Cloverland’s SSR Payments have been reduced from $24 million to $4 million.

The battle Cloverland Electric Cooperative is leading to make sure U.P. residents get a fair energy deal is making great strides- but concerns still remain on the bargaining table.

Cloverland members don’t receive any electricity from the Presque Isle Power Plant (PIPP), but are being expected to pay millions to keep the plant in operation. Representatives from the Co-op and other eastern U.P. businesses held a media roundtable on Feb. 17 to raise awareness about this unfair financial burden. Since then, the Plant’s owner, We Energies, has asked the Midcontinent Independent System Operator (MISO) to stop these System Support Resource (SSR) payments, dating back to Feb. 1. This brings the original $24 million SSR figure Cloverland was saddled with down to $4.6 million.

“This is great news for the eastern U.P., and we would like to thank everyone who has stepped in to help provide a long-term solution for reliable energy in the U.P. – especially Gov. Snyder and Sen. Casperson for facilitating negotiations and Cliffs Natural Resources for being a great corporate citizen,” said Cloverland CEO, Dan Dasho.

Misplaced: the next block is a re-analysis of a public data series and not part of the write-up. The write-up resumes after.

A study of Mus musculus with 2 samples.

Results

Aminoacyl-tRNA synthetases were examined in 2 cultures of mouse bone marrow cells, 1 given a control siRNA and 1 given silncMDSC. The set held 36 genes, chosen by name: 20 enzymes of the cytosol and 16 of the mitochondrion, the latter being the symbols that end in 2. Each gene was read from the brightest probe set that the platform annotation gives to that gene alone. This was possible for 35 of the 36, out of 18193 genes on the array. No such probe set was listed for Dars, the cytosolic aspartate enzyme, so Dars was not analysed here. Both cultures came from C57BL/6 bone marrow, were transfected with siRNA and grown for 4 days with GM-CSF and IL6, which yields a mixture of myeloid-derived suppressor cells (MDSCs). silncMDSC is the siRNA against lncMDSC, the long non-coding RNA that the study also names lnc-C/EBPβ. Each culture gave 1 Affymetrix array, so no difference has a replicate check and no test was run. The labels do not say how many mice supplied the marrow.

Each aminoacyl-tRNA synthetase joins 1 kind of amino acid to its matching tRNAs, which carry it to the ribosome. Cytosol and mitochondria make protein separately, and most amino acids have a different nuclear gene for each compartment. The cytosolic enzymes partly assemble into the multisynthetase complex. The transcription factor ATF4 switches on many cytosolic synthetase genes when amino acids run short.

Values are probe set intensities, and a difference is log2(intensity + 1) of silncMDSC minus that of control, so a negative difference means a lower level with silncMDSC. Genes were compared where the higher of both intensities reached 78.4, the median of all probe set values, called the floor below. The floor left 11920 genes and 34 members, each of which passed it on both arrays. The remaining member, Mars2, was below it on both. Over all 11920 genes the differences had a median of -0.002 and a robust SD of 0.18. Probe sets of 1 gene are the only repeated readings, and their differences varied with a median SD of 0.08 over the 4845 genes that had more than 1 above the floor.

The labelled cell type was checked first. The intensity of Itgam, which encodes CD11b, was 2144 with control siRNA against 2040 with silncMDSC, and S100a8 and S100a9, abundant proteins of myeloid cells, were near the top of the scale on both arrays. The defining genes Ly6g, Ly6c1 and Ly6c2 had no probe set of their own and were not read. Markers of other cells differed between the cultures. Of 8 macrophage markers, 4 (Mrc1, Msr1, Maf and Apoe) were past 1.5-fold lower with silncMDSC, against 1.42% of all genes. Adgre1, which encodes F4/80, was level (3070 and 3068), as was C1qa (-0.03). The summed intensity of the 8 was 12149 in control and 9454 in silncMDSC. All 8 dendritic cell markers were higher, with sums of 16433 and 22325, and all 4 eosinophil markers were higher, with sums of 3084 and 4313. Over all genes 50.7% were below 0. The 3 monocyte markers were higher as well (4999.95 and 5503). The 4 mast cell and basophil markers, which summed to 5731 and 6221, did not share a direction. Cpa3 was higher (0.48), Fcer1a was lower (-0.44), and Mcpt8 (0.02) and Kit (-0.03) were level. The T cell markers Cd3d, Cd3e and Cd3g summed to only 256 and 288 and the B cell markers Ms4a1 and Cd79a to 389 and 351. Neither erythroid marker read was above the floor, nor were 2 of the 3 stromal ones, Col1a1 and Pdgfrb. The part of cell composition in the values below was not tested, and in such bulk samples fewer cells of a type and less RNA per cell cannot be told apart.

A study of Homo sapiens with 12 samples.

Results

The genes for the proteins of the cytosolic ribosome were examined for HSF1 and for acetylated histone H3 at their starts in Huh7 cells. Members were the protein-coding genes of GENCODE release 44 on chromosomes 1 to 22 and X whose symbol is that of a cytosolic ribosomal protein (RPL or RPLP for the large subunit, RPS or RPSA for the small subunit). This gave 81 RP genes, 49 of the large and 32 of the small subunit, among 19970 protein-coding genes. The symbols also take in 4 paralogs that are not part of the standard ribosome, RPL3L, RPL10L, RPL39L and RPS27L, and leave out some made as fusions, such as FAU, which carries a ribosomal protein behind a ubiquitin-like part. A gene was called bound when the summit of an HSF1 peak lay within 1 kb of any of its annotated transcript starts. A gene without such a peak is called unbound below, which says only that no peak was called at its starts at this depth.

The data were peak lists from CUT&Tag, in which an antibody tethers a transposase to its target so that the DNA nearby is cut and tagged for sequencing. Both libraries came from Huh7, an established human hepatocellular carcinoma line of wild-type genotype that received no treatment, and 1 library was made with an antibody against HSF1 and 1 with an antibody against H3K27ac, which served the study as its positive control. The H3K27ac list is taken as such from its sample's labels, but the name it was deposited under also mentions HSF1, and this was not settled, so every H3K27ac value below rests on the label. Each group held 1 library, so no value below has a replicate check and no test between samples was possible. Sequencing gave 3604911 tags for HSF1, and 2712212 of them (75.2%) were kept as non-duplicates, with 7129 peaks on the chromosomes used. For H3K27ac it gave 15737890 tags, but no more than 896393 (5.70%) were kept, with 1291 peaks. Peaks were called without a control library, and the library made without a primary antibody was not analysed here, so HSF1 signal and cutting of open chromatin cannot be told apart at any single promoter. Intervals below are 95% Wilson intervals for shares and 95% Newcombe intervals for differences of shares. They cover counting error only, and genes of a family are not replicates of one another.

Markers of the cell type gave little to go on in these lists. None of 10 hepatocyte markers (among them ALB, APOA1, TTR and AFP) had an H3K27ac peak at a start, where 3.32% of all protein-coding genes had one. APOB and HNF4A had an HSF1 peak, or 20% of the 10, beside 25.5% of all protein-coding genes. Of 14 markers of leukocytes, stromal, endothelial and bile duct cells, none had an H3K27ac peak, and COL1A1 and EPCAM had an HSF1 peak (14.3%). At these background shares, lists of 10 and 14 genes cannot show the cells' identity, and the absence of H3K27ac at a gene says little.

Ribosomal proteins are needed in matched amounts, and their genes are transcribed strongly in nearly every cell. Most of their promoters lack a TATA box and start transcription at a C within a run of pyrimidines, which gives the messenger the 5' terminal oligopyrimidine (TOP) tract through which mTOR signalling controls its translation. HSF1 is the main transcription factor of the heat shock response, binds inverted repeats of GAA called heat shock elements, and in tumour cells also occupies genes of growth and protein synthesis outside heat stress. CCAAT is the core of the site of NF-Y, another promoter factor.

On Feb. 19, the Federal Regulatory Commission (FERC) directed MISO to conduct a study to determine exactly who benefits from the operation of PIPP and re-evaluate how the SSR payments should be assigned. For now, the remaining $4.6 million in payments Cloverland was responsible for is under review. Cloverland has successfully escaped a big immediate hike in their member’s energy bills, but the long-term impact is still up in the air.

“I want to see the SSR payments that Cloverland is facing taken away,” Dasho said. “We are going to fight that battle continuously, and we hope that somebody would recognize that it is a small piece that could be resolved for our customers.”

“Our folks up in the eastern U.P. are in an area of high unemployment, low wages and they cannot take this kind of hit,” Dasho said. We need a good solution that connects the Upper and Lower peninsulas and improves our infrastructure, he added. “Allow us to access power in the Lower Peninsula, which we cannot do today.”

Photo: U.P. representatives at the roundtable included Dan Dasho, Linda Hoath, director of the Sault Ste. Marie Convention & Visitors Bureau; Ken Greenwood, War Memorial Hospital; Ken Hayward, Grand Hotel executive vice president; Jon Johnson, Manistique Papers (by phone); and John Wornette, Sault Tribe of Chippewa Indians.